Northern Suburbs Linux SIG Report January 2020
The first meeting for the year was opened with the now traditional Linux News which featured a video reviewing the rise of Open Source software in the computing landscape.
The video featured comments by several “heavy hitters” of the Open Source world, for example Nat Freidman (CEO GitHub), Chris Wright (CEO Red Hat), and Jim Zemlin (Executive Officer Linux Foundation).
A brief history of open source software development was outlined, starting with the late 1990s closed source proprietary software. The achievements of the Free Software movement originating with Richard Stallman at the MIT AI Lab and leading to Linux Torvalds’ Linux Operating system challenged the proprietary software development model, and led to the open source movement of today.
In 2008, Google released the first versions of Android, an operating system for mobile devices built on the Linux Kernel. Since then, Open Source software development has become the “new normal”, where collaboration and sharing of information are increasingly adopted by those who need to solve today’s more complex problems.
Currently, funds for open source software development and maintenance are usually raised by software support subscriptions, the sale of useful add-ons to free core software, and Linux Foundation support.
Following on from Linux News, David Hatton gave a presentation in the “Random Bytes” series. Two topics were introduced and discussed, namely the use of swap partitions and swap files and the use of the gpg command line utility to quickly encrypt a file with a passphrase.
It is considered essential for a Linux installation to include the creation of either a swap partition or a swap file to make the operation of the linux kernel more robust.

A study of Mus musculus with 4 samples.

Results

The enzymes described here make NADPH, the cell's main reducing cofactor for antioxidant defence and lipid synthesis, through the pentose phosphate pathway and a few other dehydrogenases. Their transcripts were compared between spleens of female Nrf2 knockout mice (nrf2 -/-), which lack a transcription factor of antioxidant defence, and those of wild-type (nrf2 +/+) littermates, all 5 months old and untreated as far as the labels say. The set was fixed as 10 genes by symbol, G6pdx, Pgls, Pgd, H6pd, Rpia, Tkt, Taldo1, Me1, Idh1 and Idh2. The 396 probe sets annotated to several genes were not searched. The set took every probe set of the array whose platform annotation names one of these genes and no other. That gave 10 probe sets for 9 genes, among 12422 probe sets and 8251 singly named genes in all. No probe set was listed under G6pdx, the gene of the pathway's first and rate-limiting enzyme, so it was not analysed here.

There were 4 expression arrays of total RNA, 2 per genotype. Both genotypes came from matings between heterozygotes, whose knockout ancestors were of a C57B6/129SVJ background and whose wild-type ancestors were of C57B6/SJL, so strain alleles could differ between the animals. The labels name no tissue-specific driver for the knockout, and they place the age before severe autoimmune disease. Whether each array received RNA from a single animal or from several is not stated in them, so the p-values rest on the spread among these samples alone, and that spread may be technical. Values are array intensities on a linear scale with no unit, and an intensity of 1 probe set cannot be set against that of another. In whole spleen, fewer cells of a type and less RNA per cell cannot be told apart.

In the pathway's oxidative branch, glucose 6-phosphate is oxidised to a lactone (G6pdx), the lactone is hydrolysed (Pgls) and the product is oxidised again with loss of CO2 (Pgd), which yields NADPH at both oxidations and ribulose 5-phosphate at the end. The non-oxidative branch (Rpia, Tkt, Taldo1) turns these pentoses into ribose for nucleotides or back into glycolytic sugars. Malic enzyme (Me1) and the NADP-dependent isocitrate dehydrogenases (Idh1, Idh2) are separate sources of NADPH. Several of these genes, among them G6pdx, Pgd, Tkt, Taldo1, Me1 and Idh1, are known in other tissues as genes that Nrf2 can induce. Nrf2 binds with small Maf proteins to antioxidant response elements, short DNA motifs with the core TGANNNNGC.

Different Linux distributions have different default arrangements for creating a swap facility – for example Debian defaults to a swap partition and Linux Mint defaults to a swap file. These defaults are set up when the user installing the distribution simply accepts the predefined setup.
David demonstrated the use of the ‘swapon’ command to confirm the type of swap facility in use, and the use of the ‘df’ command to check the configuration of memory.
Assuming that the swap space is being heavily used, generally indicated by a significant slowdown of the system, the creation of an extra swap file was outlined. This is the most convenient and quick method to provide extra swap space, which involved the use of the ‘dd’ command to create a suitable swap file. Once a swap file is created, it needs to be set up for use with the ‘mkswap’ command, and then made visible to the system with the ‘swapon’ command. Finally, there needs to be a line added to the ‘fstab’ file to make the new setup permanent.
A refreshment break followed, which extended to fill available time as attendees caught up with each other and the events of the past two months, and the meeting finished promptly at 9.30 pm.